Objective: To identify the frequency of use and appropriate monitoring guidelines for the adverse effects of azathioprine and 6-mercaptopurine (6-MP) in the therapy of patients with inflammatory bowel disease (IBD).
Methods: Surveys were sent to all physician members of the Canadian Association of Gastroenterology. Physicians were asked to describe their monitoring practices for IBD patients receiving azathioprine or 6-MP. A systematic literature search was also performed using MEDLINE for articles published in English between 1966 and 1999 using the MeSH terms 'azathioprine', '6-mercaptopurine', 'inflammatory bowel disease' and 'drug monitoring'.
Results: Azathioprine and 6-MP were used to treat an average of 7% of patients - a surprisingly low number given the proven efficacy of these agents. All respondents reported monitoring complete blood counts (CBC), while liver enzyme and pancreatic enzyme levels were monitored by 62% and 29% of respondents, respectively. The most commonly reported initial CBC testing frequencies were weekly (42%), monthly (26%) and biweekly (23%). From the literature, it was determined that severe leukopenia (less than 2.10 g/L) occurs in less than 2% of cases and is sometimes associated with serious outcomes, including death. Most cases of severe leukopenia occurred abruptly, early in treatment. Other reported adverse effects and incidences were pancreatitis (3% to 5%), hepatotoxicity (less than 1%) and hypersensitivity (2% to 3%). Data concerning an increased risk of non-Hodgkin's lymphoma were equivocal.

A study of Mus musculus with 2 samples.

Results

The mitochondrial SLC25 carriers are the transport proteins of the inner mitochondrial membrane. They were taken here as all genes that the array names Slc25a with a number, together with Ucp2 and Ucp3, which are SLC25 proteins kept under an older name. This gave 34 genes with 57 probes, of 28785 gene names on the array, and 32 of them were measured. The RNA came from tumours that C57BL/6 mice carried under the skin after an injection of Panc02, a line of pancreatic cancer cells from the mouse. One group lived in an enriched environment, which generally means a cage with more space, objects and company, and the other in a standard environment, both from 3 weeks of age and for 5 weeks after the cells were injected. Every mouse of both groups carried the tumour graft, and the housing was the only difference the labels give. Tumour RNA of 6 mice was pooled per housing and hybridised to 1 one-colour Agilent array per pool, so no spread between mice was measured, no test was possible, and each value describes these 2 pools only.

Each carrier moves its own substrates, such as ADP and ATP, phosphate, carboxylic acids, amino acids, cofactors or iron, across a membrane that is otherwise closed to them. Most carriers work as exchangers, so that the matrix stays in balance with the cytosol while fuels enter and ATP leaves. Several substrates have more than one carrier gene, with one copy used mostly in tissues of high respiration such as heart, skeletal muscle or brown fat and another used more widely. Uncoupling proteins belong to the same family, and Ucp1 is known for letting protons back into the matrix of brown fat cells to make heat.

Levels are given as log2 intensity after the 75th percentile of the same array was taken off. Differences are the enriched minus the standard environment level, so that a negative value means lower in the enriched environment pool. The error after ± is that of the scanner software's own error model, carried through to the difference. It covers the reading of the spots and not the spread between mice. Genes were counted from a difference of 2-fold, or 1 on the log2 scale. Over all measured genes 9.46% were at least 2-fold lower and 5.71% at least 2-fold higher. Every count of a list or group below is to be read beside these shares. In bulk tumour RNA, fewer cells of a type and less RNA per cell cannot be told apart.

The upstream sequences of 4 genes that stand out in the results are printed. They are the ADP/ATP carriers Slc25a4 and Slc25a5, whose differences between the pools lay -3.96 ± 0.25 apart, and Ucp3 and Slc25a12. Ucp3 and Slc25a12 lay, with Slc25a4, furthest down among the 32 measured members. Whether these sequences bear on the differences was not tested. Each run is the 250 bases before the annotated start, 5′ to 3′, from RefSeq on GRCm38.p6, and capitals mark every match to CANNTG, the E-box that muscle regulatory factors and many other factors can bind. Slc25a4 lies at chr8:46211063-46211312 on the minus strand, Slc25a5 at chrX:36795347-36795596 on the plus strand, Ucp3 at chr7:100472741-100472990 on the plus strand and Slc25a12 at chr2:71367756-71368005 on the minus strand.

Conclusions: Use of azathioprine or 6-MP is low in patients with IBD. A CBC should be performed at weeks 1, 2, 4, 6, 8 and 12, with subsequent testing every eight weeks for the duration of azathioprine or 6-MP treatment. The evidence in support of pancreatic and hepatic monitoring is weak. The risk of non-Hodgkin's lymphoma is likely low.